A half-hour parliament break leaves Iraq without new gov’t

A half-hour parliament break leaves Iraq without new gov’t
Tue Jul 1, 2014 19:20:22

The first session of Iraq's newly elected parliament has adjourned for a week without choosing a new speaker, officials say.

Following a half an hour break the parliament session was adjourned, after Kurdish lawmakers boycotted the session over their conflicts with other lawmakers.

"This session is adjourned, and it will be held next week in the event of an agreement," acting speaker Mehdi al-Hafidh told lawmakers.

The members of parliament are tasked with naming a new unity government. After choosing the parliament speaker, the lawmaker will have to pick the Iraqi president as well as the prime minister within 45 days.

The three individuals selected from among Sunni, Shia and Kurdish candidates are expected to form a unity government.

Under a de facto agreement among communities in Iraq, the prime minister is a Shia Arab, the president a Kurd and the parliament speaker a Sunni Arab.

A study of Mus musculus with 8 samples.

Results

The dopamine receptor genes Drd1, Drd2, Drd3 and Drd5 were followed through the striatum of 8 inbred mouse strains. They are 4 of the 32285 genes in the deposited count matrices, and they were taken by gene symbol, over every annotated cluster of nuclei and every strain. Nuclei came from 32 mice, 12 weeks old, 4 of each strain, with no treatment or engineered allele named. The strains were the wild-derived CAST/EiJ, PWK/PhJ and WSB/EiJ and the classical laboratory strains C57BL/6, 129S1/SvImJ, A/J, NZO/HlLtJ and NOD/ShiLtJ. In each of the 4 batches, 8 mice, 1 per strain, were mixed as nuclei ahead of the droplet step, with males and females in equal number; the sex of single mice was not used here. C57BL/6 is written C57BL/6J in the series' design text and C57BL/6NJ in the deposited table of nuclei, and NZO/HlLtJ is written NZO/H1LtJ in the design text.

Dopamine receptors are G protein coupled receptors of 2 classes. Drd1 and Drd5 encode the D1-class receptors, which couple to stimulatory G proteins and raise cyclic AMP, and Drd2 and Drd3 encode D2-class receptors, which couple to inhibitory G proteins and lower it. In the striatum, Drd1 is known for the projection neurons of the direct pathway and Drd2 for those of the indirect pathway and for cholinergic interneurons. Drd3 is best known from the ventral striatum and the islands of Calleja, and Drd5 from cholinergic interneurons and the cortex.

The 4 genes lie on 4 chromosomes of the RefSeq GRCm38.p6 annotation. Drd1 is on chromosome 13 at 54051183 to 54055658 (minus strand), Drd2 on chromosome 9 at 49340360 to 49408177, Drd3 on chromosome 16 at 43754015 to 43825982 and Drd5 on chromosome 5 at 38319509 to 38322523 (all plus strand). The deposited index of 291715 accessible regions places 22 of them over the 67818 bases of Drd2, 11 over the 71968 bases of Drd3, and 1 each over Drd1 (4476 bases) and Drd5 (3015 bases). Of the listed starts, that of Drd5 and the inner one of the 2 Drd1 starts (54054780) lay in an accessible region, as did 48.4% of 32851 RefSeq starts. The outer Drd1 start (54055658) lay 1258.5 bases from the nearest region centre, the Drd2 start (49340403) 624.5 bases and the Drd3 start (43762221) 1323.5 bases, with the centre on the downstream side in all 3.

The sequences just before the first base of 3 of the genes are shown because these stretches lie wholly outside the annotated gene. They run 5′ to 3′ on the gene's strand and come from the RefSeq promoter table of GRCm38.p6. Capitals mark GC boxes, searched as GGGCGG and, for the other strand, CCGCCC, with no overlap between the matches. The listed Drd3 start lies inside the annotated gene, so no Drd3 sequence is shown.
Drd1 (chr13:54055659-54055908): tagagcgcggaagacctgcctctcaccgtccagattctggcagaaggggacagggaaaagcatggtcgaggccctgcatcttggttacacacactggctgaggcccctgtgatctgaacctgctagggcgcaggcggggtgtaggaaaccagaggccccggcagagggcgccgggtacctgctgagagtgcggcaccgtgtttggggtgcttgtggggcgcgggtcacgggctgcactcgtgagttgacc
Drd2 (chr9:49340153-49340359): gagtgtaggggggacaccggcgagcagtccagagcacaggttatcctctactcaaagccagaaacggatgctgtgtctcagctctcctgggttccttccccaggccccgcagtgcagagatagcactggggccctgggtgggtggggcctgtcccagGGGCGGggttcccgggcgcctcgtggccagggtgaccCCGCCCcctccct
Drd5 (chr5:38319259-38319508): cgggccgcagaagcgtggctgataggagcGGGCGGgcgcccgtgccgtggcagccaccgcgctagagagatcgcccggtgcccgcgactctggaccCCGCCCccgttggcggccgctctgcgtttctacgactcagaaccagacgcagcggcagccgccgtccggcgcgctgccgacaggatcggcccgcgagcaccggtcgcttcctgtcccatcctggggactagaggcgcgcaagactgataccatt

Prime Minister Nouri al-Maliki is bidding for a third term, despite stiff opposition from his key rivals.

Iraqi National Congress leader Ahmad al-Chalabi and former Vice President Adel Abdul Mahdi are the other candidates.

Premier al-Maliki has rejected recent calls by the United States and its allies to form an emergency administration or a so-called national salvation government in the country.

The Iraqi premier has recently said that a salvation government would amount to a coup against the country’s constitution and would undermine the results of parliamentary elections held on April 30.

The developments come as Iraqi armed forces have been engaged in fierce clashes with the terrorists, who have threatened to take their acts of violence to other Iraqi cities, including the capital, Baghdad. However, advances by the so-called Islamic State of Iraq and the Levant (ISIL) terror group have been slowed down as Iraqi military and volunteer forces have begun engaging them on several fronts.

Premier al-Maliki has stressed that his government remains steadfast in defeating the ISIL Takfiri militants, blaming Saudi Arabia, Qatar and some Arab states of the Persian Gulf for the growing terrorism in his country.